Inmates of Attica State Prison voicing their demands in 1971.

Inmates of Attica State Prison voicing their demands in 1971.

Forty-three years later, it remains a grisly benchmark: Aside from the Indian massacres of the late 19th century and an infamous 1921 race riot in Tulsa, the State Police assault that quelled the four-day uprising at Attica prison in upstate New York in 1971 was, investigators concluded, “the bloodiest one-day encounter between Americans since the Civil War.”

When it ended, 10 correction officers and civilian employees and 33 prisoners were dead — all but one guard and three inmates killed in what a prosecutor branded a wanton “turkey shoot” by state troopers.

Prosecutions stemming from the uprising were resolved long ago; scores of inmates and one state trooper were charged. Civil suits by relatives of the dead and injured were settled (the state paid $12 million, including legal fees, to families of the inmates, and another $12 million to families of prison employees).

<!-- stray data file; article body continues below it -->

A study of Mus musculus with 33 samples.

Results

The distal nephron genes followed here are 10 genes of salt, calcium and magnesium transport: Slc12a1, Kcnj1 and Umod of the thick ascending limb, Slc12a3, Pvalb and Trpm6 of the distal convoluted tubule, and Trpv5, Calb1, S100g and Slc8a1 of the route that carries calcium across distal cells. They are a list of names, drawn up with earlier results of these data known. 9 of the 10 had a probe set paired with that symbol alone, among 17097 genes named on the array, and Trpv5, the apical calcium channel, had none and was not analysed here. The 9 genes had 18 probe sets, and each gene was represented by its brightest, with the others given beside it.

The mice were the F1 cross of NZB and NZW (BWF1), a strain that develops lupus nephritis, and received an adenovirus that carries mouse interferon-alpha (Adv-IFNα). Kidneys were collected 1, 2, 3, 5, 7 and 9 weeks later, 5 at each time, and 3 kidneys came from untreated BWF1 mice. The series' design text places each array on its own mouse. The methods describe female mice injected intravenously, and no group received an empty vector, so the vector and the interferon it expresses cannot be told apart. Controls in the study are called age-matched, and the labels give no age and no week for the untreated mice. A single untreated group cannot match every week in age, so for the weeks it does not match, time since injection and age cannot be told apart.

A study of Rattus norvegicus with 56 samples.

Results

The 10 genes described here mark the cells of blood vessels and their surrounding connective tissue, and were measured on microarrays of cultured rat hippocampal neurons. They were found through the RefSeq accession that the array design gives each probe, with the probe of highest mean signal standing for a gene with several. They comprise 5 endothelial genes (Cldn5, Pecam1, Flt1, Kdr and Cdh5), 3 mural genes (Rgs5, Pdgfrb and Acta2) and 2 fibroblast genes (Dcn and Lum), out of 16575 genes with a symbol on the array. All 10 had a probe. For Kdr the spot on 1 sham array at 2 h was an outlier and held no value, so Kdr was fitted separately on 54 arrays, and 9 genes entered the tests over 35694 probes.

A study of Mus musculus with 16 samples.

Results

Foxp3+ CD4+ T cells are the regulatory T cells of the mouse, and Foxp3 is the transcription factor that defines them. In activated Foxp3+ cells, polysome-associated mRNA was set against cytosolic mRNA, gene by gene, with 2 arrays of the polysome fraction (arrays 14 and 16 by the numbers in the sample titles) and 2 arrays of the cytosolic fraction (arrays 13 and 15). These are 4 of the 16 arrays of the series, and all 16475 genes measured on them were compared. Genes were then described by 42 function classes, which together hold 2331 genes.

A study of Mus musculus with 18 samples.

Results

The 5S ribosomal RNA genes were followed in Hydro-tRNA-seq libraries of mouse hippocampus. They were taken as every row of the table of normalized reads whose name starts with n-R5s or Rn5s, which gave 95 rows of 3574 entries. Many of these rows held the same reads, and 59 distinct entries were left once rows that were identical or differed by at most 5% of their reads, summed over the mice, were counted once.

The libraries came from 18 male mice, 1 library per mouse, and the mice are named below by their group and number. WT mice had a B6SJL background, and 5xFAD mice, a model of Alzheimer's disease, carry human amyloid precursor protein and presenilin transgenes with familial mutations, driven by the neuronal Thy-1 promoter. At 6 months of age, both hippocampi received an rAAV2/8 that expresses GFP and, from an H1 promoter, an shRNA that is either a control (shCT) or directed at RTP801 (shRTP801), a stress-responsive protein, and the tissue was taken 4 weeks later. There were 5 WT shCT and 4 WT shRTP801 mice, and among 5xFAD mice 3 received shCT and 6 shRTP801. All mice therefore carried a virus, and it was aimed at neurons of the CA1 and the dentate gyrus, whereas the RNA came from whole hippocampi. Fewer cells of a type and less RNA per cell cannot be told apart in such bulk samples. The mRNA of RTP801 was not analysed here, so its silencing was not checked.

But even after more than four decades, the scars have never healed.

This year, state officials finally began cataloging the bloodstained uniforms of both guards and inmates, barrels of baseball bats, a homemade cannon, makeshift knives and other ephemera that had been stored in a Quonset hut to determine which were personal belongings that could be returned to the victims’ families, and which other artifacts to ultimately discard or to retain for research or eventual display in the New York State Museum.

In August, property belonging to 12 state employees was identified. Their families were invited privately to Attica on Sept. 13, before the solemn annual public memorial service held to mark the end of the siege.

Eleven of the families accepted the state’s invitation. All but one left with some memento — a bloody or bullet-ridden uniform, a wallet, keys, a thermos, a cap — that the state Department of Correctional Services could establish as having belonged either to an individual or to an unknown colleague. The twelfth family was still considering the state’s offer.

“It was a shock,” recalled Vickie Menz, who discovered a package of personal items belonging to her father, Arthur J. Smith, when she returned to the prison for the memorial. “There was a box of my father’s things, the clothing that he was wearing for the five days he was a hostage. The pants were caked with mud. They hadn’t been laundered.”